Pope, John Russell (1873-1937)


New York City, New York, USA


  • New York City, New York


  • Architect

Styles & Forms:


John Russell Pope (1873-1937), an important Beaux-Arts trained American architect best known for his design of the Jefferson Memorial in Washington, D. C., designed a small, elegant building in North Carolina—a classical gazebo near Wilmington for Pembroke and Sarah Jones, the parents of his wife, Sadie G. Jones Pope.

John Russell Pope studied architecture at Columbia University, the American Academy in Rome, and the École des Beaux-Arts in Paris, as well as traveling in Europe. After returning to New York in 1900, he worked in the office of architect Bruce Price before founding his own practice that would encompass many large and prestigious commissions. He designed residences for the Vanderbilts and other wealthy Americans as well as such major public buildings as the Jefferson Memorial and the National Gallery of Art in Washington, D. C. Adept in a variety of styles, he is especially known for his neoclassical designs.

Relatively early in his career, in 1912, John Russell Pope married Sadie G. Jones (1887-1975), the only daughter of the fabulously wealthy Pembroke and Sarah Jones of Wilmington, N. C., New York City, and Newport, Rhode Island.

Pembroke Jones (1858-1919), a native of Wilmington and a rice planter, was enabled by a bequest from his aunt to enter the rice milling business and expand it from Wilmington to New Orleans. He soon became a financier with the guidance of his friend, railroad executive Henry A. Walters. He married Sarah Wharton Green (1859-1943), the daughter of Col. Wharton J. Green, a planter, Confederate veteran, and congressman. The Joneses moved to New York City in the late 1890s and successfully made their way into the “Gilded Age” society there and in Newport, where architect John Russell Pope was already active.

The Joneses had a summer home at the estate a few miles away from Wrightsville Sound now known as Airlie Gardens, where Mrs. Jones developed a famed garden and hosted house parties. In about 1902, Pembroke Jones bought a much larger tract near the sound for a hunting preserve. At Pembroke Park, as it was called, Jones built a grand lodge (1908) called “The Bungalow” designed by architect J. Stewart Barney. At both estates, as well as in New York and Newport, the Joneses held lavish social events for guests from far and wide—as reported by New York as well as Wilmington newspapers. This was part of a broader pattern of wealthy northerners and some southerners creating hunting estates in old plantation country.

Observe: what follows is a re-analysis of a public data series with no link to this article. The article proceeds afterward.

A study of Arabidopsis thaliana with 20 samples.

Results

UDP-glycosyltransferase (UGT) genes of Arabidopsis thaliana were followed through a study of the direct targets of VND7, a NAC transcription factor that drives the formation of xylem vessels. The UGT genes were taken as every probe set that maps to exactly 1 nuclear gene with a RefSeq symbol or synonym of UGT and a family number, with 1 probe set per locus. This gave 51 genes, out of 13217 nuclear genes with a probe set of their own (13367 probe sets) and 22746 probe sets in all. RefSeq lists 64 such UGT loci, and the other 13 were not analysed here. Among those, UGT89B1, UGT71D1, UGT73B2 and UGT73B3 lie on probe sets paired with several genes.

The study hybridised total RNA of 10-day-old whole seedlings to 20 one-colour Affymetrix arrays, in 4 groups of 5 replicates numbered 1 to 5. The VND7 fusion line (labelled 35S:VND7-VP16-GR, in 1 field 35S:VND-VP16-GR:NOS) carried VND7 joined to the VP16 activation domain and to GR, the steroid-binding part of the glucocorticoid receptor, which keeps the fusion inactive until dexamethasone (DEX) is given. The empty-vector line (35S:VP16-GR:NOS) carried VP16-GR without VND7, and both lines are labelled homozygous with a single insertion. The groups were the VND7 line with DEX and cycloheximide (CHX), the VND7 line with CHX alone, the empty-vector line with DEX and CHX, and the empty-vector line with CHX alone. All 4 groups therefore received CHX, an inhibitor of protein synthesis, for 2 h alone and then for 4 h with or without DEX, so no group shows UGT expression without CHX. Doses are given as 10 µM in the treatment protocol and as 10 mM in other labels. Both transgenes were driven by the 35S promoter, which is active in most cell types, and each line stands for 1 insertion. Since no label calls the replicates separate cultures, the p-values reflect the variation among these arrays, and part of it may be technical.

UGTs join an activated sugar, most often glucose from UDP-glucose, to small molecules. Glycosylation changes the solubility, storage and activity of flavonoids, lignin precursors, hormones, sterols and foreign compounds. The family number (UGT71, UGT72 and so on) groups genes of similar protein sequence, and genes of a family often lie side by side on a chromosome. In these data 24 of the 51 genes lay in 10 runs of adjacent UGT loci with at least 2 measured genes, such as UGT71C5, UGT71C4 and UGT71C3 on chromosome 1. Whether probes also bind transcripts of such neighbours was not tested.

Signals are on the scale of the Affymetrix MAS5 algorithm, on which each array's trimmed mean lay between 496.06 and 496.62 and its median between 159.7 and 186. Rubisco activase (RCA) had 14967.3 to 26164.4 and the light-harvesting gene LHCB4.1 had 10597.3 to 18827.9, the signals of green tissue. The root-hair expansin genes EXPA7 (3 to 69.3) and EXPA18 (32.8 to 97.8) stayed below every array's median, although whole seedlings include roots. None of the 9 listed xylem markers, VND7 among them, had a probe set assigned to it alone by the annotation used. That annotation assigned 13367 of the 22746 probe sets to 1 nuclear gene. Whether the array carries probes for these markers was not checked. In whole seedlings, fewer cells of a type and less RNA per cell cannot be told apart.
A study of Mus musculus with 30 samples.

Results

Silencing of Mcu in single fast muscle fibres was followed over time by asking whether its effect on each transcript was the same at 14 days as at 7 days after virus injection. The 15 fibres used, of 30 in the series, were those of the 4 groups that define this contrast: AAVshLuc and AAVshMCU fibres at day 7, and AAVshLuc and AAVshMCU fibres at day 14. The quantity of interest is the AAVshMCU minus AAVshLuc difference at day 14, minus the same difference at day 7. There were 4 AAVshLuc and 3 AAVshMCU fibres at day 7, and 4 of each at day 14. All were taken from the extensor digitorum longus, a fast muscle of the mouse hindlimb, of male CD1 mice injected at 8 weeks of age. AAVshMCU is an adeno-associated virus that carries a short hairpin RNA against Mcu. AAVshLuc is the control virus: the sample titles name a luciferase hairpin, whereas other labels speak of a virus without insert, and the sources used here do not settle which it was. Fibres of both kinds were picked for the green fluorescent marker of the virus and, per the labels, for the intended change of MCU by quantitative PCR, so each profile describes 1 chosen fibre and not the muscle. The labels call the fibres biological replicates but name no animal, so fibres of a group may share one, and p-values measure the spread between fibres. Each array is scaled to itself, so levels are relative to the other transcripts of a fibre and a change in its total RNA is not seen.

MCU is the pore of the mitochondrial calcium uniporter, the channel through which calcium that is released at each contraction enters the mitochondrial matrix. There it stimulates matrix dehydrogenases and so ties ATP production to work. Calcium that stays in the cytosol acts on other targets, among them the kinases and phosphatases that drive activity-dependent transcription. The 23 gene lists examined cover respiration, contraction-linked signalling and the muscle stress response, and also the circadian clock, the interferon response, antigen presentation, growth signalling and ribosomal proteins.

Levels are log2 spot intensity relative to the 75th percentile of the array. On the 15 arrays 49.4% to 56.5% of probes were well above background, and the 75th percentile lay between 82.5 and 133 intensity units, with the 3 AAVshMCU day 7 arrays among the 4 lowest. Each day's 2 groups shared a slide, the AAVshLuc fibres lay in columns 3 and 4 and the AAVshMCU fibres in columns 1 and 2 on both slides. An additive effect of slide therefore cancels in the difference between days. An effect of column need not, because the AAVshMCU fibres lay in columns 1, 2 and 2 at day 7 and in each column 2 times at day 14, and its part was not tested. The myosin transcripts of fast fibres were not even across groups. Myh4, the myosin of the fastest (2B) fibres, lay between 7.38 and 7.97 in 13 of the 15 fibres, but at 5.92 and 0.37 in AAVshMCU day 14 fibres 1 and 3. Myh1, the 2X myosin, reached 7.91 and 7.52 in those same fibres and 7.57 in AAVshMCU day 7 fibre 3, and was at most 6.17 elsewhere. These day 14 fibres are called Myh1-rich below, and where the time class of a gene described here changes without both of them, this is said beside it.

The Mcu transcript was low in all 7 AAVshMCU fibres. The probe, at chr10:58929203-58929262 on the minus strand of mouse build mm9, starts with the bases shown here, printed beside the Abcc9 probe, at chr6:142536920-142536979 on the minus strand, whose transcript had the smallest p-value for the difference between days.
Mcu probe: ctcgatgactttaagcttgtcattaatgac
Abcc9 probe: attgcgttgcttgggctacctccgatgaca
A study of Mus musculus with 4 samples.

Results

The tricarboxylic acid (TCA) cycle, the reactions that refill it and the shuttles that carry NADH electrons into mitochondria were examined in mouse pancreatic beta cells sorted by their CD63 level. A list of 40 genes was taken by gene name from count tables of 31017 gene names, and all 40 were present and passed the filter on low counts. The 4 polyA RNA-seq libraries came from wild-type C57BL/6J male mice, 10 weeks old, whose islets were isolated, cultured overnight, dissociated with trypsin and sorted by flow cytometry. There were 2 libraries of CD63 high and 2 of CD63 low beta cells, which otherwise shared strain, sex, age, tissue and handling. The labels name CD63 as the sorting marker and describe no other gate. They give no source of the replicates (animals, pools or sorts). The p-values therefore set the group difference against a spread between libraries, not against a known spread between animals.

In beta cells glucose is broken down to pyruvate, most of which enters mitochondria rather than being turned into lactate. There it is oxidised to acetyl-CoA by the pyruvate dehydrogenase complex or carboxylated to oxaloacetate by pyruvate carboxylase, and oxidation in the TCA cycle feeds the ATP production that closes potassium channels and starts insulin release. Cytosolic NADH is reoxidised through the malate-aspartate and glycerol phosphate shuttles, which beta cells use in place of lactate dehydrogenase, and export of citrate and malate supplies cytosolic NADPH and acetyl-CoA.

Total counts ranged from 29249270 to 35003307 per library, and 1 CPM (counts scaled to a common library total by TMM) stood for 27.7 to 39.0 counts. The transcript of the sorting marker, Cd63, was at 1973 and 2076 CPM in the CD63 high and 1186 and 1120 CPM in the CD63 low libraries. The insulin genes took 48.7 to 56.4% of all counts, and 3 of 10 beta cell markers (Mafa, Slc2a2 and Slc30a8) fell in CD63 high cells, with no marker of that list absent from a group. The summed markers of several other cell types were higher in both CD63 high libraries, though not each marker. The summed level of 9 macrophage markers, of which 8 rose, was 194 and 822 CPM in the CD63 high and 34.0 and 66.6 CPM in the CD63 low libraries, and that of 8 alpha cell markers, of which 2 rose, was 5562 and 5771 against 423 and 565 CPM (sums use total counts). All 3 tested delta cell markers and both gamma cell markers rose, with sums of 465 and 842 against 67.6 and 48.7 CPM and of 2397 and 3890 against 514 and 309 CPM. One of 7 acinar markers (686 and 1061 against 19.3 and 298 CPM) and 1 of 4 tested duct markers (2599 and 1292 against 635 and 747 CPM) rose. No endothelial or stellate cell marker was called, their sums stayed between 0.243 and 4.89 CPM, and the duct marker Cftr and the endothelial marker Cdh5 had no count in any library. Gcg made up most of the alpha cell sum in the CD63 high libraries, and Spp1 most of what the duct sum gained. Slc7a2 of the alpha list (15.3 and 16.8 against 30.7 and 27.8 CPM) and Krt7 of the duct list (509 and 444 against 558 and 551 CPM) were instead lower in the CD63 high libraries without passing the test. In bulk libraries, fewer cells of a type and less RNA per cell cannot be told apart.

The New York Times of September 12, 1912, reported the announcement of the engagement of Sadie G. Jones and John Russell Pope—”a surprise to society both in Newport and New York.” Wilmington and New York newspapers described their wedding of October 31 at the antebellum Lebanon Chapel at Airlie plantation and identified Pope as “one of the best known and most celebrated young architects in New York city.” One hundred guests attended the wedding and five hundred the reception afterwards, at which refreshments were served by Sherry of New York. According to one account, the Joneses’ wealth and social standing helped advance Pope’s career.

A special feature at Pembroke Park was the classical “temple of love” designed by the Jones’s son-in-law, John Russell Pope. It is a six-columned gazebo of stylized classical design, made of coquina, a shellrock material of concrete and shells. Pope also designed the gates of the estate. In his book, American Country Houses of To-day (1915), Samuel Howe featured “The North Carolina Estate of Mr. Pembroke Jones” and identified J. Stewart Barney as the architect of the “Bungalow” and John Russell Pope as the architect of the “Temple of Love and Entrance to Park,” which were pictured and lyrically described. The precise date of construction of the Temple of Love is not clear, but it was certainly completed by 1915 and may have been built to celebrate the couple’s wedding. Pembroke Park was later sold and developed as a gated residential community; the lodge is lost, but Pope’s little Temple of Love still stands.

  • Susan Taylor Block, Cape Fear Lost (1999).
  • Samuel Howe, American Country Houses of To-day (1915).
  • M. H. D. Kerr, “Wharton J. Green,” in William S. Powell, Dictionary of North Carolina Biography, 2 (1986).
  • Smith, Clairborne T., Jr., “Pembroke Jones,” in William S. Powell, Dictionary of North Carolina Biography, 3 (1988).
  • Clairborne T. Smith, Jr., “Sarah (Sadie) Wharton Green Jones Walters,” in William S. Powell, Dictionary of North Carolina Biography, 6 (1996).
  • Beverly Tetterton, Wilmington: Lost But Not Forgotten (2005).
  • Daniel J. Vivian, A New Plantation World: Sporting Estates in the South Carolina Lowcountry, 1900-1940 (2018).